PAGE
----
BIG HIT for ‘Green Hydrogen’ in the Orkney Islands
The EU-funded BIG HIT (Building Innovative Green Hydrogen systems in an Isolated Territory) celebrated another milestone with the official handover of two hydrogen tube trailers from Calvera during the All-Energy 2018 event in Glasgow, Scotland. These new trailers increase the Orkney fleet of hydrogen tube trailers to five, for the transportation of ‘green hydrogen’ safely and efficiently and are seen as a significant step towards creating a Hydrogen Territory in the Orkney Islands.
The ‘green hydrogen’ is being produced on site at the European Marine Energy Centre (EMEC) on the northern island of Eday. The hydrogen is then transported to Kirkwall, mainland Orkney, using the fleet of Calvera hydrogen tube trailers carried on board the inter-island ferry service.
This locally produced ‘green hydrogen’ supplies the hydrogen fuel cell installed at Kirkwall Harbour and will also be used for the Orkney Islands Council fleet of five Symbio Kangoo fuel cell range extended zero emission vans.
The new Calvera tube trailers can each carry up to 250 kg of hydrogen gas.
The delivery of these two hydrogen tube trailers is another important step by BIG HIT. This project is developing our low carbon energy systems capabilities in Scotland, and we are delighted to be part of this Europe-wide team. BIG HIT is demonstrating the important role of hydrogen and fuel cells for realising additional local benefits from renewable energy, and this great project will help many other islands and communities to achieve similar benefits, said Nigel Holmes, CEO of the Scottish Hydrogen & Fuel Cell Association (SHFCA), and Communications Manager for the BIG HIT project.
Orkney Islands Council has taken a leading role in the BIG HIT project, by purchasing five electric vans which have each been fitted with a hydrogen fuel cell by Symbio, a leading European developer of hydrogen fuel cell systems designed for the transportation markets.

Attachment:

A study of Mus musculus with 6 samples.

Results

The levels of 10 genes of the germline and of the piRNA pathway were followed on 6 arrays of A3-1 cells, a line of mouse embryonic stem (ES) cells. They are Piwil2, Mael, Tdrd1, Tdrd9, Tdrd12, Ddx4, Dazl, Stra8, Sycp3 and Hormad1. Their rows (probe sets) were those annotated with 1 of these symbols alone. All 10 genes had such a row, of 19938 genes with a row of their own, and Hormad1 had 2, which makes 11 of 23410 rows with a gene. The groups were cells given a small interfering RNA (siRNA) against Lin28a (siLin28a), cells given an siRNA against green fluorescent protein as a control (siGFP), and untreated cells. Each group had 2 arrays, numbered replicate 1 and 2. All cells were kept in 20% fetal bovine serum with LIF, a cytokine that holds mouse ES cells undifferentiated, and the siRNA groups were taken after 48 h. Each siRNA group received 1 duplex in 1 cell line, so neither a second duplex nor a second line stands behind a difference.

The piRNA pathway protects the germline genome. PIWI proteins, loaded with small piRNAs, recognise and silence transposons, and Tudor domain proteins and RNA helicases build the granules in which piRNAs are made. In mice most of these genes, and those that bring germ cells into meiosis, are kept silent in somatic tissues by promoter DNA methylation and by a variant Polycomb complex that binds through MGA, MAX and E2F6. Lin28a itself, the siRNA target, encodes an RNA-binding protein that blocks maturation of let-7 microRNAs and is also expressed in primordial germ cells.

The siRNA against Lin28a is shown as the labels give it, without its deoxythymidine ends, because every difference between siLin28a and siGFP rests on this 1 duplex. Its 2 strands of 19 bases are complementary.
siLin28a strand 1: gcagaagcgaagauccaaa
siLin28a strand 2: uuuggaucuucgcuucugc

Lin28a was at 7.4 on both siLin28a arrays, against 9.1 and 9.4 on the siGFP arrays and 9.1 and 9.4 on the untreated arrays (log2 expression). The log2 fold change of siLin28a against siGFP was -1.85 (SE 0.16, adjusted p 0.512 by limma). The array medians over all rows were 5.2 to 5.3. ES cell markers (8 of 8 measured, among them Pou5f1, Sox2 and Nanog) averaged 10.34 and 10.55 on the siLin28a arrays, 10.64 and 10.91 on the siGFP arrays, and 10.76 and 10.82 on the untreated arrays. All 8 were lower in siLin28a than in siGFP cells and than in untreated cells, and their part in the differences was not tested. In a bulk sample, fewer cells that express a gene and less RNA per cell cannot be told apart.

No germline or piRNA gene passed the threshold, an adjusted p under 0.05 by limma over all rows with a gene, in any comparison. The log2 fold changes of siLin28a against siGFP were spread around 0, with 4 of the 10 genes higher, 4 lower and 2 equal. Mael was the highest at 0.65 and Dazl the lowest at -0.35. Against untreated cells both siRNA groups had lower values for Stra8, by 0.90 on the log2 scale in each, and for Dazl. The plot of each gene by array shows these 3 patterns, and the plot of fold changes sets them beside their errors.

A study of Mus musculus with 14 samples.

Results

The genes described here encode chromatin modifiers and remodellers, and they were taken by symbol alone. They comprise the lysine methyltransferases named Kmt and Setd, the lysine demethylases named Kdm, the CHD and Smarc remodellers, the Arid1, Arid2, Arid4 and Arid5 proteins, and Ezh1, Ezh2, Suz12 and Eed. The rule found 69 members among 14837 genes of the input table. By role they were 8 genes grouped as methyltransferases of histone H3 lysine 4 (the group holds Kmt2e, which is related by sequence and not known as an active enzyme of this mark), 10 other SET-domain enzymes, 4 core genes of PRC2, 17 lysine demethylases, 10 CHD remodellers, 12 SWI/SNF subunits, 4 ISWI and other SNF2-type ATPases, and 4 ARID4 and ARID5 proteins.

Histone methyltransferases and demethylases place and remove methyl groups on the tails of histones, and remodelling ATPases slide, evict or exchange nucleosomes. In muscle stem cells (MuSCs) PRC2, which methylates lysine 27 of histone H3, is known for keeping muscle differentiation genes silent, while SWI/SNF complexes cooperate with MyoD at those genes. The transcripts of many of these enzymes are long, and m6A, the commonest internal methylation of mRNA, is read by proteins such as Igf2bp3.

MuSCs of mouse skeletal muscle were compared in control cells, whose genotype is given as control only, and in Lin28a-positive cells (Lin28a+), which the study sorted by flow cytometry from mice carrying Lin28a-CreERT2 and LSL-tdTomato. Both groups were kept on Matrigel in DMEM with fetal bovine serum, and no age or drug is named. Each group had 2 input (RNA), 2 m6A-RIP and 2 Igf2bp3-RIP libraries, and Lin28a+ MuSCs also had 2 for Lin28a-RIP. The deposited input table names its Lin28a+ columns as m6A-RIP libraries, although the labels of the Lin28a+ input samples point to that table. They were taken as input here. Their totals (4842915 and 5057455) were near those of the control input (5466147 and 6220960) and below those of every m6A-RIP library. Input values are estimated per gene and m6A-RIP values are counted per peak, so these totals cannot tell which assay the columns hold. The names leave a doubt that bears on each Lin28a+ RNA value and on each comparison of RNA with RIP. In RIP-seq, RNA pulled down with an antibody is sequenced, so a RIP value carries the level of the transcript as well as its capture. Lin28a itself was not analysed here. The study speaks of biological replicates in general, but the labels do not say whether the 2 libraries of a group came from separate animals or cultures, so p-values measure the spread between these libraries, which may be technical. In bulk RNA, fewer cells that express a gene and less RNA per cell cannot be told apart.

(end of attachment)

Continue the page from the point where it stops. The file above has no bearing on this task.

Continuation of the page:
These adapted Renault Kangoo vans are part of the Council’s operational fleet, and the hydrogen fuel cells give these them twice the normal operating range compared to their battery-powered electric counterparts.
As part of demonstrating the potential scope that hydrogen has for practical uses in Orkney, a small hydrogen-powered boiler will be installed at Council premises on the island of Shapinsay.
By piloting the generation of hydrogen from renewable energy sources, BIG HIT is helping avoid grid shortcomings, while supporting further development of renewable energy projects in Orkney. It is breaking through the barriers to delivering renewable transport and heat, opening up new markets around the world, said Neil Kermode, Managing Director of EMEC.
About BIG HIT
BIG HIT (Building Innovative Green Hydrogen systems in an Isolated Territory: a pilot for Europe) is a five-year project, involving 12 participants based across six EU countries, and started in May 2016. The EUR 10.9 million project has received EUR 5 million funding from the Fuel Cells and Hydrogen 2 Joint Undertaking which in turn receives support from the EU’s Horizon 2020 research and innovation programme, Hydrogen Europe and Hydrogen Europe research.
The local authority partner in BIG HIT is Orkney Islands Council, providing local input together with the Shapinsay Development Trust (SDT), Community Energy Scotland (CES), and the European Marine Energy Centre (EMEC). Calvera, Giacomini, ITM Power, and Symbio are the industry partners providing equipment and technical expertise. Technical University of Denmark (DTU) is the technical partner and the Scottish Hydrogen & Fuel Cell Association (SHFCA) is dissemination partner.
The Ministry for Transport and Infrastructure (MTI) represents Malta as the lead follower territory for project replication. The overall BIG HIT project coordinator is Fundación Hidrógeno Aragón (FHA).
The Orkney Islands were chosen for the BIG HIT project to build on the existing Orkney Surf ‘n’ Turf initiative. The Orkney Islands have over 50 MW of installed wind, wave and tidal capacity generating over 46 GWh annually, and has been a net exporter of electricity since 2013.
Energy used to produce the hydrogen for BIG HIT is provided by the community-owned wind turbines on the islands of Shapinsay and Eday, two of the islands in the Orkney archipelago. At present the Shapinsay and Eday wind turbines are often ‘curtailed’, losing on average more than 30 percent of their annual output, with their electricity output limited by grid capacity restrictions in Orkney.
The otherwise curtailed capacity from the locally owned Shapinsay wind turbine will be used by the BIG HIT project to split the component elements of water, by the process of electrolysis, to produce low carbon ‘green’ hydrogen and oxygen using a 1 MW PEM electrolyser.